Insurers Demand More is Done to Combat Cargo Crime

Marine insurers have been told more has to be done to combat the surging levels of cargo crime.

Speaking at the IUMI (the International Union of Marine Insurance) annual conference in Toronto, Helle Hammer (pic) Chair of the organisation’s Policy Forum said the view that this was simply a “victimless crime” was far from the truth.

Her comments came as IUMI published a revision of its position paper containing recommendations aimed at improving the prevention of cargo theft and countering its growth across the world.

It said cargo crime has reached “alarming proportions”, and IUMI urged further steps to better facilitate the safe and secure flow of goods within the global supply chain and minimise risk. In particular, it wants to see greater effort by law enforcement agencies to increase transnational cooperation to combat cargo theft must be further enhanced.  

A study conducted in Germany in 2018, estimated the direct losses caused by cargo theft from trucks to be EUR 1.3 billion with an additional EUR 900 million due to penalties for delays in delivery, repair costs as well as lost sales and business interruption.

In 2008, an EU/Europol study, based on Transported Asset Protection Association’s (TAPA) figures, estimated that the economic damage of cargo theft in Europe alone amounts to EUR 8.2 billion per year. Even though there are no similar official studies in other areas of the world, IUMI said that cargo thefts have a similar negative impact across all these continents.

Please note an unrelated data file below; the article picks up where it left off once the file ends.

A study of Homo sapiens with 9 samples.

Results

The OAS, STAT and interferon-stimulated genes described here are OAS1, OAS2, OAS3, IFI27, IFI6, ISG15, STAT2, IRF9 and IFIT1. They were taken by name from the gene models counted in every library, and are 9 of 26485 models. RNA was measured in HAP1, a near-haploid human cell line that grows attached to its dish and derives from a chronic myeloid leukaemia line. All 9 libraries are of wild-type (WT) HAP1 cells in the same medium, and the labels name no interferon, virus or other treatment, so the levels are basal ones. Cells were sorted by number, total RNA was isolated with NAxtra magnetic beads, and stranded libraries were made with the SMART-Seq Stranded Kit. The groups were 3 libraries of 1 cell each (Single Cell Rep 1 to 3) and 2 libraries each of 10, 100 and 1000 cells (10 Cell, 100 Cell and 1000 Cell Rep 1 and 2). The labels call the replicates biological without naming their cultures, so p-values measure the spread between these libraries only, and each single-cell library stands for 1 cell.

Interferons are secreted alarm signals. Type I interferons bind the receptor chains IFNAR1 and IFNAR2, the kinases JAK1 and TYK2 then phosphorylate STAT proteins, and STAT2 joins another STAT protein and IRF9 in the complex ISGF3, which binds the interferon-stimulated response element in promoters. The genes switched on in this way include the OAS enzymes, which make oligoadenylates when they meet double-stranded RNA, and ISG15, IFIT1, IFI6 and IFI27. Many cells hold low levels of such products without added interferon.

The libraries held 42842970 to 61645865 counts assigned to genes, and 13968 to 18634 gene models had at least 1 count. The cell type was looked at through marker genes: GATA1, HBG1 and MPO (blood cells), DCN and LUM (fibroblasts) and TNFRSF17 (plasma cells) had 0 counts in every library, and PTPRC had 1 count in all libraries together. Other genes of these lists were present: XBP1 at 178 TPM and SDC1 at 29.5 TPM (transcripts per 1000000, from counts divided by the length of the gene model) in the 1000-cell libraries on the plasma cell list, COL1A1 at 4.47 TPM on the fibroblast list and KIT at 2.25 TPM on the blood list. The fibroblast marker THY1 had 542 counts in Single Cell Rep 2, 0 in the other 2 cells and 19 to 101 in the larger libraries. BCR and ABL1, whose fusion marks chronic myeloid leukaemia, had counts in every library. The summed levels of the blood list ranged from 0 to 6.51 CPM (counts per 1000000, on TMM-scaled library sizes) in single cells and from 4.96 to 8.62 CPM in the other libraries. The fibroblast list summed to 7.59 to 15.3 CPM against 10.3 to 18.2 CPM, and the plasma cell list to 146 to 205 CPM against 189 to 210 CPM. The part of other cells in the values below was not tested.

“These are no small numbers, and a more updated and better overview is needed for relevant authorities to decide on further actions in their respective country or region,” it added.

Ms Hammer said: “Unfortunately, cargo theft continues to surge, and it is having a negative impact on supply chains and economies around the world. We are calling for improved preventative measures to be put in place. Cargo crimes are a large burden to society as the costs caused by stolen cargo, business interruption and loss of reputation do not simply disappear but are factored into the pricing of the products which are moved around the globe every minute of every day.”

“Cargo theft is often portrayed as a victimless crime,” she added. “It is important to remember that cargo theft is not only a financial consideration but is also putting at risk the safety of the people working in the transport sector. Protecting their safety is vital.”

IUMI’s position paper includes a number of recommendations that it believes will help prevent cargo theft. These include the continuation of exchange of best practice across borders on local initiatives; establishing a dedicated cargo theft taskforce; training with a focus on cargo theft awareness and prevention; and enhanced due diligence by shippers, logistics/transportation companies when selecting agents and staff.